The Somali military on Tuesday killed at least 14 al-Shabab terrorists, including an operational commander, when they attacked a government-controlled town in southern Somalia, an official said.
Ismail Mukhtar, a Somali government spokesman, told Anadolu Agency (AA) that the Somali national army repulsed the attack in Balcad in the Middle Shabelle region.
"The terrorists crossed the river early morning and attacked the town but they were inflicted with huge casualties. One government soldier was killed and six others wounded," he said.
While the al-Qaida-affiliated terrorist group claimed it had captured the town, the official said the government had restored law and order. Balcad is a strategic agricultural town located 30 kilometers (18 miles) northeast of the capital Mogadishu.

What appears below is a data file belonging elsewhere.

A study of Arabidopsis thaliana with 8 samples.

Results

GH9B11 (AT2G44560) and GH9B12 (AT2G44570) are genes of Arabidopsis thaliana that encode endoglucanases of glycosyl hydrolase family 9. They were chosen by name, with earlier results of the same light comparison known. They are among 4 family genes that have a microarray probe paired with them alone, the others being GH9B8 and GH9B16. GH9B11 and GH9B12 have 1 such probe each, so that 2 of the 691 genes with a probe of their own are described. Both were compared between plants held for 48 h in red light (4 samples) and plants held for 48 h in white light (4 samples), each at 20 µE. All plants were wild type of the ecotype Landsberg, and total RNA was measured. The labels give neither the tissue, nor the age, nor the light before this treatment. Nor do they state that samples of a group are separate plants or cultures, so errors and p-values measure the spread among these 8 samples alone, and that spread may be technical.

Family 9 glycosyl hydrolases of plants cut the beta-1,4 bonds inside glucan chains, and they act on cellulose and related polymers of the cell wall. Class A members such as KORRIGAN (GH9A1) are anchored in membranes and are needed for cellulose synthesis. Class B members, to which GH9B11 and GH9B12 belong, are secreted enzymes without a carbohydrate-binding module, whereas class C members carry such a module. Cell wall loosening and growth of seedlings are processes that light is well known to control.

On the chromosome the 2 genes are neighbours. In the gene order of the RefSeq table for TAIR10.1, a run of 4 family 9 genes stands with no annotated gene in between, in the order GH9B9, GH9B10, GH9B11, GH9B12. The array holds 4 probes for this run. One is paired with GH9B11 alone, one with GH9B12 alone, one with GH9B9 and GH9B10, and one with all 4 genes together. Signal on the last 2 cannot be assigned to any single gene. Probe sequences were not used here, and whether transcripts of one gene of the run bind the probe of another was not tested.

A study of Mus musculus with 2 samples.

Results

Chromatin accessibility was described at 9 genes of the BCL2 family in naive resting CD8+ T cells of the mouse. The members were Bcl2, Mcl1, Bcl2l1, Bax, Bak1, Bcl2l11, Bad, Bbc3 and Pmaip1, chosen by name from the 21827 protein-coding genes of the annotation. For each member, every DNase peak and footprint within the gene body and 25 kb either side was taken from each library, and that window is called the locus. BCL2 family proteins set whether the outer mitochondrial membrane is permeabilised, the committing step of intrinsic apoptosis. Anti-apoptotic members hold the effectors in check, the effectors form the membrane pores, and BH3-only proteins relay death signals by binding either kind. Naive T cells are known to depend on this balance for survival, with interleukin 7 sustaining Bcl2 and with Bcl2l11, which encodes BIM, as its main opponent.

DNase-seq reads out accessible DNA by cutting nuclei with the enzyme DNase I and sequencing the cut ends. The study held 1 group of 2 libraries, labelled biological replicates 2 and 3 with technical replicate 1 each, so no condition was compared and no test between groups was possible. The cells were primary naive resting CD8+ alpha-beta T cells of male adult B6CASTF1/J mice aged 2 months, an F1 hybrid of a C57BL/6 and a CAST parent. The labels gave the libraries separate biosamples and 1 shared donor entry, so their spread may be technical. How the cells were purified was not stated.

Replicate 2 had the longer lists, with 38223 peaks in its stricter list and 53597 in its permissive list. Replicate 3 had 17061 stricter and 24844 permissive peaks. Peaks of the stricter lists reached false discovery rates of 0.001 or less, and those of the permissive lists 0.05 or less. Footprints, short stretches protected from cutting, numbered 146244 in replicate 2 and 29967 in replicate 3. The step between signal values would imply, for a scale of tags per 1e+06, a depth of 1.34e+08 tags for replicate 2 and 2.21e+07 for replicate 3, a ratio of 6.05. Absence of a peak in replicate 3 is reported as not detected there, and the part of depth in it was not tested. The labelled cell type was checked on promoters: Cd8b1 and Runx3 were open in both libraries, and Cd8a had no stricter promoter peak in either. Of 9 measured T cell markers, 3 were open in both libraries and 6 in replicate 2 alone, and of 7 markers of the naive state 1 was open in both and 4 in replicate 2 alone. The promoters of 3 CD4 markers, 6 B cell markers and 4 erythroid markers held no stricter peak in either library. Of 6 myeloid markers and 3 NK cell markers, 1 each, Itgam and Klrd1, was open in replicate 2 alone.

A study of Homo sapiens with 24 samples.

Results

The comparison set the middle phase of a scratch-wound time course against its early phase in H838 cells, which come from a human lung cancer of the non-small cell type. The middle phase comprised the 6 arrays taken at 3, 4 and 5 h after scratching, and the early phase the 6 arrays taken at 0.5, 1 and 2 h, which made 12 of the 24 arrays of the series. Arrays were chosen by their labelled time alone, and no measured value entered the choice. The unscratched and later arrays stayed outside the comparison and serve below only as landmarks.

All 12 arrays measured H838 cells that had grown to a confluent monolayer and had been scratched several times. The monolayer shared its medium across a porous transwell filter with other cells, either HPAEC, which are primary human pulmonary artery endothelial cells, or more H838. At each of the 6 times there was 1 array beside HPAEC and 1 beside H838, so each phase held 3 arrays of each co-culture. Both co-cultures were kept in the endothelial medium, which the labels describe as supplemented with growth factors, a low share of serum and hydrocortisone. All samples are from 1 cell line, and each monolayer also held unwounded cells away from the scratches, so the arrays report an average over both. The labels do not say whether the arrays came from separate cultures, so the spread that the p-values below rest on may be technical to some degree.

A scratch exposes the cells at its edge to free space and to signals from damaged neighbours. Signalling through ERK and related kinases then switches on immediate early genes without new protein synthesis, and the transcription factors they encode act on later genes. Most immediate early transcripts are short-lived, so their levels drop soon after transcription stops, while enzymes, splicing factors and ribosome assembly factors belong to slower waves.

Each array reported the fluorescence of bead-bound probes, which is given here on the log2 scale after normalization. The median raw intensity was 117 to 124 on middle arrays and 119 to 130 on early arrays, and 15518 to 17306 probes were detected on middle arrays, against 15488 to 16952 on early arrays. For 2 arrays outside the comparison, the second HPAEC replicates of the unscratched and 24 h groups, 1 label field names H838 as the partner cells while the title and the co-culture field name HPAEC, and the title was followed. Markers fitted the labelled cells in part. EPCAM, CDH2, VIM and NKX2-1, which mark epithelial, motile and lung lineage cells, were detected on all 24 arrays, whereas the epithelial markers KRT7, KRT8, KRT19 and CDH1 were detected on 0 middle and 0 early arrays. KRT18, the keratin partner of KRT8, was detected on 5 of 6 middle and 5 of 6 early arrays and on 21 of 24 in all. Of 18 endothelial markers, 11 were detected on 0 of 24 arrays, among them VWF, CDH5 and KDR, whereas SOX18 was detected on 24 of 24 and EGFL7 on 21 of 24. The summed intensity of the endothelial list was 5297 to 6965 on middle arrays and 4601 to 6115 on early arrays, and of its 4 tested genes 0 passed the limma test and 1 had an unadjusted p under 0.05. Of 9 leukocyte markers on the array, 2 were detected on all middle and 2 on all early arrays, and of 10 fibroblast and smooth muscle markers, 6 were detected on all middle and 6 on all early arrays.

On Monday, five Somali soldiers were killed and several others injured in a car bomb outside the force's base in the south, a regional Somali government official said. One U.S. service member was also wounded in the attack, according to a statement from U.S. African Command.
The bomber detonated a vehicle packed with explosives at the entrance to a military base in Janay Abdalla, a village about 60 kilometers outside the southern port city of Kismayo. Al-Shabab claimed they were behind the attack and put the number of dead at 20.
Al-Shabab has been fighting to topple Somalia's central government since 2008 to establish its own rule. In 2010, al-Shabab declared its allegiance to al-Qaida. The terrorist group carries out frequent bombings to try to undermine Somalia's central government, which is backed by the United Nations and African Union peacekeeping troops. The most deadly attack blamed on al-Shabab was in 2017 when a truck bomb exploded next to a fuel tanker in Mogadishu, killing nearly 600.